A state Senate panel Thursday approved a bill broadly creating a Cabinet-level Department of Administration that would give governors more control over the day-to-day operations of state government.

The bill, which lawmakers say still needs fine-tuning, broadly outlines an agency reshuffling that would involve a new Department of Administration, and the existing State Budget and Control Board, General Assembly and other state agencies, including the Department of Health and Environmental Control.

"We want to do this this year," said state Sen. Larry Martin, R-Pickens, chairman of the subcommittee that acted Thursday. "There's just a strong desire to get this done."

The proposal is a major piece of Gov. Nikki Haley's agenda, and the governor's staff has been working with lawmakers for weeks to address concerns.

The House has approved a similar bill on several occasions. But efforts to create the new department and give the governor more power received a boost after Haley's election when state Sen. Hugh Leatherman, R-Florence, endorsed the idea. Leatherman, the Senate Finance Committee chairman, is one of the most influential members of the General Assembly.

"Reporting the Department of Administration bill out to the full Judiciary Committee is a great step forward for South Carolina, and brings us one step closer to running state government like a business," Haley spokesman Rob Godfrey said in a statement.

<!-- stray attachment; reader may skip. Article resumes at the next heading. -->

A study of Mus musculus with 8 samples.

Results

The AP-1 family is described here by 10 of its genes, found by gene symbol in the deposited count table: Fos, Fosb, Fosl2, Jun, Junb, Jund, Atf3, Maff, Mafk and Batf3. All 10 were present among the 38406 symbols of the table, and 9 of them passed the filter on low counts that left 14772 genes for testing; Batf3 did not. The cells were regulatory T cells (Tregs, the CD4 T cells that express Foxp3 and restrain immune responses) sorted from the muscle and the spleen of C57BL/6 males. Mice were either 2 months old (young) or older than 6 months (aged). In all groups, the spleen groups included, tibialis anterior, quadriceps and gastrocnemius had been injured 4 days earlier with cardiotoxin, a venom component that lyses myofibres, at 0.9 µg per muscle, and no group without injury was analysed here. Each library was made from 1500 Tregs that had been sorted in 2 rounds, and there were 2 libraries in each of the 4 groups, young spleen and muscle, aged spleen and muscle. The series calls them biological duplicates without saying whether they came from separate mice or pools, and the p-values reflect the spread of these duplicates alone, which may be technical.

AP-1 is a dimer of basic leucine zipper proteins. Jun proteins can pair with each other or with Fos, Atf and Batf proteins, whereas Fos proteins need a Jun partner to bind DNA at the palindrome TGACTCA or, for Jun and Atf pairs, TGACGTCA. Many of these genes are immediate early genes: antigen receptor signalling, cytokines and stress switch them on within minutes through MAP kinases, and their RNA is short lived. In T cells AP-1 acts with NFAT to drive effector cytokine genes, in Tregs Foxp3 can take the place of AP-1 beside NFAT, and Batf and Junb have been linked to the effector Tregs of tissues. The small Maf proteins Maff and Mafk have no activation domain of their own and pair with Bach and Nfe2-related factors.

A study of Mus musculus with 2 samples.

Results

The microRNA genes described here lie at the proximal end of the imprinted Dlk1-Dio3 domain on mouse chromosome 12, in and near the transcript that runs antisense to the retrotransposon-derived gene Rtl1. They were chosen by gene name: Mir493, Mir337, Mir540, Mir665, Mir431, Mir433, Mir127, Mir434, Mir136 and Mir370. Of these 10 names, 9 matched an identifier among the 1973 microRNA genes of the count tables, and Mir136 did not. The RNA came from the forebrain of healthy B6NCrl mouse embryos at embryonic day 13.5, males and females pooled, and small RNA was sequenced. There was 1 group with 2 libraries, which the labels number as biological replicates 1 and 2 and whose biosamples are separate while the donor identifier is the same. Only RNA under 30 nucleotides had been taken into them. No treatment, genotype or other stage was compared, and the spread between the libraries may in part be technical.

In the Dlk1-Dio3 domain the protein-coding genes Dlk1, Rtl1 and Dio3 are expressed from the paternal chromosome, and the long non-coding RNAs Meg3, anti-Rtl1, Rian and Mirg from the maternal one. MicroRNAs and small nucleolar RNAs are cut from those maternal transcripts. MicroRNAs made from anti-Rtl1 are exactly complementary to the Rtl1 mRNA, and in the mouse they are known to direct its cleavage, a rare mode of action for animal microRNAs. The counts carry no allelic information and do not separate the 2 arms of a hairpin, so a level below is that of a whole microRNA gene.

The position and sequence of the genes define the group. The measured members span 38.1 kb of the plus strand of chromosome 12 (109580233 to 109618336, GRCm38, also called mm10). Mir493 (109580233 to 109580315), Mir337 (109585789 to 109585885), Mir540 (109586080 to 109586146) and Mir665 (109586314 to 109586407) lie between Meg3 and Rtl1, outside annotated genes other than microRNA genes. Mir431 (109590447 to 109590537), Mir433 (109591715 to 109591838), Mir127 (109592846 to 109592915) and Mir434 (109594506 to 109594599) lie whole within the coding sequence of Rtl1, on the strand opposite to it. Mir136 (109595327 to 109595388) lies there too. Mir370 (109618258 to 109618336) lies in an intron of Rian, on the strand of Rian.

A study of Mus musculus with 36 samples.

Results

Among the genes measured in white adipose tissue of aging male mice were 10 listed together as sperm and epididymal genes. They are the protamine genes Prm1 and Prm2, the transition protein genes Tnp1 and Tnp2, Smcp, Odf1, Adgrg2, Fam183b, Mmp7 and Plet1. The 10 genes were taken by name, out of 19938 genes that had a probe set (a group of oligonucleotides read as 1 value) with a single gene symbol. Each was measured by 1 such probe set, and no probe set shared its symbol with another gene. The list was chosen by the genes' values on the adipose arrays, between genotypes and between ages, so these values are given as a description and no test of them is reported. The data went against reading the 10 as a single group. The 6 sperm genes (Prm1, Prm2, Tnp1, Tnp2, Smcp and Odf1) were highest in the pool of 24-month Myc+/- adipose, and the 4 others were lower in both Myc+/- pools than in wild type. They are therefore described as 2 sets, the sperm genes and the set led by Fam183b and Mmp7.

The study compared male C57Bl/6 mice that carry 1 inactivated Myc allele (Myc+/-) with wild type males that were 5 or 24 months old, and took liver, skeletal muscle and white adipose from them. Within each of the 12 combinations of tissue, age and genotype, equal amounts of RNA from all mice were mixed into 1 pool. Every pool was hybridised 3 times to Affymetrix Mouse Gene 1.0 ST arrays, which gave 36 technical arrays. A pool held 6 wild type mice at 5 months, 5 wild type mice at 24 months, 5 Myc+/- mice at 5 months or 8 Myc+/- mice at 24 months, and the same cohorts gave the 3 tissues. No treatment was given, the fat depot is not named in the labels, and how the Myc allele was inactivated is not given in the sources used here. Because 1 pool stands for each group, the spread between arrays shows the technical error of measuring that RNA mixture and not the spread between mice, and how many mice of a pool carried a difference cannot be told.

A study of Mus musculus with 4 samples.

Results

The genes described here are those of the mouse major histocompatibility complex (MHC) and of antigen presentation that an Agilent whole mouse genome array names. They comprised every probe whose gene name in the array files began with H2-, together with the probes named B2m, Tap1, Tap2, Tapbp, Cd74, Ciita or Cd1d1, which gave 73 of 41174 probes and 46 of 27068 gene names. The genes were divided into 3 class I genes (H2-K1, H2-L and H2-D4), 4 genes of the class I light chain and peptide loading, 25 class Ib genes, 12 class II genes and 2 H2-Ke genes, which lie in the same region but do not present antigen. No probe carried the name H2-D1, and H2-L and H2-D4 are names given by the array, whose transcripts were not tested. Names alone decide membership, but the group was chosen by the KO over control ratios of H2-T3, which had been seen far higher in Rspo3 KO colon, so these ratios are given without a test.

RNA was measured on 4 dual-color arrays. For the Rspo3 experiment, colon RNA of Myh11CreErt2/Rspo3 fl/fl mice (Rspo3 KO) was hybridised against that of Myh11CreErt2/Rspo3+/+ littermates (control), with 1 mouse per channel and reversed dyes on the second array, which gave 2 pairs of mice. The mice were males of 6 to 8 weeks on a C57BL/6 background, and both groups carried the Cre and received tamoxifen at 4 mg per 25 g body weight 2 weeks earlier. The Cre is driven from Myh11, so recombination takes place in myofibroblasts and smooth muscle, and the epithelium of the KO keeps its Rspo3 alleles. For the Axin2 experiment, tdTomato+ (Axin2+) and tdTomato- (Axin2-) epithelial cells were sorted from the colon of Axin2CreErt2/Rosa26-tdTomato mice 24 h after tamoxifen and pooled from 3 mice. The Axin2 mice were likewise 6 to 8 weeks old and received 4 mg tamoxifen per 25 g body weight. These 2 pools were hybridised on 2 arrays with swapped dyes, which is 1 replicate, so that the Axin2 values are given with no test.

Godfrey did not answer when asked if Haley had any concerns about the Senate subcommittee's bill.

According to the bill, the Department of Administration would take over building and property maintenance, information technology services, the state health insurance plan, the statewide accounting system and other support services.

The Budget and Control Board still would oversee state contracts, state budget analysis and the Confederate Relic Room.

State retirees at Thursday's Senate hearing said they want the five-member Budget and Control Board to maintain oversight of changes to the state's retirement benefits and health insurance plan.

Haley has said those benefits must be cut, contending the state and taxpayers no longer can afford them.